AMATRICE, Italy — Sniffer dogs, earthmovers and other heavy equipment are arriving to the zone of Italy where a 6.2-magnitude earthquake struck early Wednesday morning, to help with the rescue effort and provide for those left homeless.
Latest counts are that 73 people were killed, scores more trapped under rubble and at least a thousand displaced. Tent cities and kitchens were being set up in and around the major towns hit by the quake.
More than 12 hours after the quake struck, a slow procession of earth-moving vehicles loaded on the beds of firetrucks made their way to the edge of the hard-hit hilltop city Amatrice.
Rescue teams poured in from nearby regions: spelologists from Umbria, Alpine rescue experts from Abruzzo and canine units from elsewhere in Italy.
Italy’s civil protection agency is coordinating the rescue, and even the Vatican has sent a rescue crew to the quake zone to help with recovery efforts.
The Vatican press office said a six-man team from the Vatican City State’s fire squad went to Amatrice early Wednesday. A statement said the decision was taken as a “sign of the pope’s concrete proximity to the people affected by the quake.”
Pope Francis scrapped his usual Wednesday catechism lesson for pilgrims in St. Peter’s Square to lead the faithful instead in reciting the rosary prayer for the victims.
A geologist in Poland says that the magnitude 6 earthquake in central Italy was caused by the slow but constant under-surface movement of the African Plate toward Europe.
Jerzy Zaba of the Silesian University in Katowice, in southern Poland, said Wednesday that a wedge-shaped front of the African Plate is pressing into the Eurasian Plate in the Adriatic Sea region and pushes into the neighboring regions, like Italy’s Apennine Mountains. The tension that accumulates leads to a sudden release in the form of under-surface rock movement that causes earth tremors.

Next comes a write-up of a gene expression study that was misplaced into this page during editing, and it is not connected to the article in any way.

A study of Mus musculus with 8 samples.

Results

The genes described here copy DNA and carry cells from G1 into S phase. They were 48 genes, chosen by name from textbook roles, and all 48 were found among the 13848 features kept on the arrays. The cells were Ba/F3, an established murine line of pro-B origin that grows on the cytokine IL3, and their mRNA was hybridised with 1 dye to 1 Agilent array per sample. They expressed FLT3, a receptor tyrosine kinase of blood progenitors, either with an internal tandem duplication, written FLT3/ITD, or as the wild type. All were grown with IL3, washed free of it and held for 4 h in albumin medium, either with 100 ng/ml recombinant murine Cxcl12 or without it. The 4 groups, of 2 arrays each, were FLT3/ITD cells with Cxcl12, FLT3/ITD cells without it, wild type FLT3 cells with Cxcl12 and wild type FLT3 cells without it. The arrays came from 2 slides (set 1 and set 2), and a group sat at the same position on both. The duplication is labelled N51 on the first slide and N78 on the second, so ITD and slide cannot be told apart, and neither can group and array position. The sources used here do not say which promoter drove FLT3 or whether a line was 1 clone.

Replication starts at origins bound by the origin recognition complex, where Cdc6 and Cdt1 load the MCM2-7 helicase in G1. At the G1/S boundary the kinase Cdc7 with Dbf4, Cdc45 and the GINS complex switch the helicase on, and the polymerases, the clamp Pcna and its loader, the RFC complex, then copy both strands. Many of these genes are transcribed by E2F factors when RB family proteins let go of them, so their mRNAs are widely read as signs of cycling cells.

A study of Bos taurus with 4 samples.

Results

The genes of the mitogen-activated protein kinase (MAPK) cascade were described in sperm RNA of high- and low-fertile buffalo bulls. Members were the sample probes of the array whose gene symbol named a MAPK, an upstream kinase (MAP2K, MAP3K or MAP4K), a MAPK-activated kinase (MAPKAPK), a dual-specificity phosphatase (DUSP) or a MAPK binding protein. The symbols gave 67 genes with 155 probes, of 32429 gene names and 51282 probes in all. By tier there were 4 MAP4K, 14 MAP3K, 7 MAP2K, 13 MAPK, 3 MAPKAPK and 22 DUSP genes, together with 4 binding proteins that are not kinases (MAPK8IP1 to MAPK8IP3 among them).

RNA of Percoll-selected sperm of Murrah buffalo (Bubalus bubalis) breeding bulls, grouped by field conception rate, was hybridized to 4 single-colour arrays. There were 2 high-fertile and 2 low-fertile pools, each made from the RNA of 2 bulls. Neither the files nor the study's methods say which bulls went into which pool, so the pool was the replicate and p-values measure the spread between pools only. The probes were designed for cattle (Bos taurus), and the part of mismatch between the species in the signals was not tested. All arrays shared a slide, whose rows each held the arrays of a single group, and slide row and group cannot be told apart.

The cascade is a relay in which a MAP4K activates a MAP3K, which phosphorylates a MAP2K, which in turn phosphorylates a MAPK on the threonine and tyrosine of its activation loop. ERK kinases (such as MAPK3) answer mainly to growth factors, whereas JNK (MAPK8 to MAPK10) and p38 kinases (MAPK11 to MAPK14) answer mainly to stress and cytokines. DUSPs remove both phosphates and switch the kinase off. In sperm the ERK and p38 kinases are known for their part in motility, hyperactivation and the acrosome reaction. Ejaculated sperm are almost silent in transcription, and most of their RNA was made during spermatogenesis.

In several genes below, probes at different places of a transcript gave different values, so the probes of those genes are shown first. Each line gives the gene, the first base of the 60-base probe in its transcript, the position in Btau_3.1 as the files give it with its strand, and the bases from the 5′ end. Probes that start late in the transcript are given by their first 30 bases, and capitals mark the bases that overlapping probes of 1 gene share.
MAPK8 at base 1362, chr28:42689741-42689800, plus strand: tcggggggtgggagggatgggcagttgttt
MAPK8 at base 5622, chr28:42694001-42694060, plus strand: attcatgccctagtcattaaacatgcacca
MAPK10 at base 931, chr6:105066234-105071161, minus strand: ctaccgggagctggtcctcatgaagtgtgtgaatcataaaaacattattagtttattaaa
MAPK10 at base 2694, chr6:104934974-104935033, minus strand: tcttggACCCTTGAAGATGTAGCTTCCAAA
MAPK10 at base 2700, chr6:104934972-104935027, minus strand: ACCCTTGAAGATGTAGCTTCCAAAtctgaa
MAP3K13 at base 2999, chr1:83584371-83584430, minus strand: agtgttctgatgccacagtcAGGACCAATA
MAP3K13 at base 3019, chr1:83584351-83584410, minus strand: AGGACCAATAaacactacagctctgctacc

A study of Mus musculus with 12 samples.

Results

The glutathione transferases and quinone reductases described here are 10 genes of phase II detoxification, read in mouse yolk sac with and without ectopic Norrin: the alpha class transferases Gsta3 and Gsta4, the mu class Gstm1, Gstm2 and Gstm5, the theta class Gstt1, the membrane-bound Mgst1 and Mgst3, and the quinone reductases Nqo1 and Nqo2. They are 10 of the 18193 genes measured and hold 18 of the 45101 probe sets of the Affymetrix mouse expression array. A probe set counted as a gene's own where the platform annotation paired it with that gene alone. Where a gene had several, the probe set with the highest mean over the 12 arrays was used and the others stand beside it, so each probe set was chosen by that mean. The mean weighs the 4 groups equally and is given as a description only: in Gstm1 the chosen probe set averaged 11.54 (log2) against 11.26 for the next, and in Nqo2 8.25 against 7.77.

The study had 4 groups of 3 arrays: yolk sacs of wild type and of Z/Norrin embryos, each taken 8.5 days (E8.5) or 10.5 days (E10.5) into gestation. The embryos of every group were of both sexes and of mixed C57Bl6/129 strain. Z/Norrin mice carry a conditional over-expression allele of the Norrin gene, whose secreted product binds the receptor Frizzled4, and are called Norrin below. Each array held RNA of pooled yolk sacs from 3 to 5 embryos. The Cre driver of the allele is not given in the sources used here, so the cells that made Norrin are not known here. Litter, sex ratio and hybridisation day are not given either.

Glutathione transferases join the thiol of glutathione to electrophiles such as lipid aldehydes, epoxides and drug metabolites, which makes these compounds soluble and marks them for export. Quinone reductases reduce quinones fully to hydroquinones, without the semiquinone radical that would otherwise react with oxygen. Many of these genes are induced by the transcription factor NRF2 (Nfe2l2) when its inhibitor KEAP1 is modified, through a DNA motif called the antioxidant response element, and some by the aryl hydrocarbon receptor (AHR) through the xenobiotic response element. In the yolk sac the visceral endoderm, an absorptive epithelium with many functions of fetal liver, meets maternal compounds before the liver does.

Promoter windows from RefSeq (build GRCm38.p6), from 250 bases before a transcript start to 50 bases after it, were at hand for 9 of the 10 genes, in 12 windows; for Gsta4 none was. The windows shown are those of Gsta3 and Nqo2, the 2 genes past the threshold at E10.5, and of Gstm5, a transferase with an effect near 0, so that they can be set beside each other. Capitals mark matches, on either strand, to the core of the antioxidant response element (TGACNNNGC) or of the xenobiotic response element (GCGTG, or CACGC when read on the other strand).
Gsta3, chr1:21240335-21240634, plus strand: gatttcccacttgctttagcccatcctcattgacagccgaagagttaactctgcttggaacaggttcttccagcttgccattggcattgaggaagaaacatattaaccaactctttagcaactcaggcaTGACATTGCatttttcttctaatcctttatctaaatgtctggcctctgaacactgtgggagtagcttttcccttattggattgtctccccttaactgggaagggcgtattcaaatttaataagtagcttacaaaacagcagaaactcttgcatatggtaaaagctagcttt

Zaba told Polish PAP agency that the African Plate is moving northwards at the speed of up to 5 centimeters (2 inches) a year.
A resident of the hamlet of Illica, north of hard-hit Amatrice, reached for a literary reference to describe the scene after the earthquake hit.
Agostino Severo, a Rome resident visiting Illica, said: “We came out to the piazza, and it looked like ‘Dante’s Inferno.’ People crying for help, help. Rescue workers arrived after one hour… one and a half hours.”
The quake-hit Italian city of Amatrice is famed as the birthplace of one of the most famous Roman dishes: spaghetti all’amatriciana, a hearty dish of pasta made with bacon-like bits of cured pork jowl, pecorino cheese and tomato.
Amatrice, in fact, was due to have its annual festival honoring its namesake food on Aug. 27-28 in the historic center now rendered to rubble.
Legend has it that the amatriciana sauce was originally prepared only with the pork — known as guanciale — and sheep-milk pecorino available to peasants, and that tomatoes were added at a later date.
Earlier on Wednesday, Pope Francis skipped his catechism lesson during his General Audience and instead led pilgrims in praying the rosary for the victims of Italy’s earthquake.
Holding a rosary in his right hand, Francis told the crowd that he was stunned by the devastation of the magnitude 6 temblor that struck central Italy early Wednesday. He said he wanted to express his pain and solidarity with the victims.
The crowd in St. Peter’s Square recited the prayer along with him.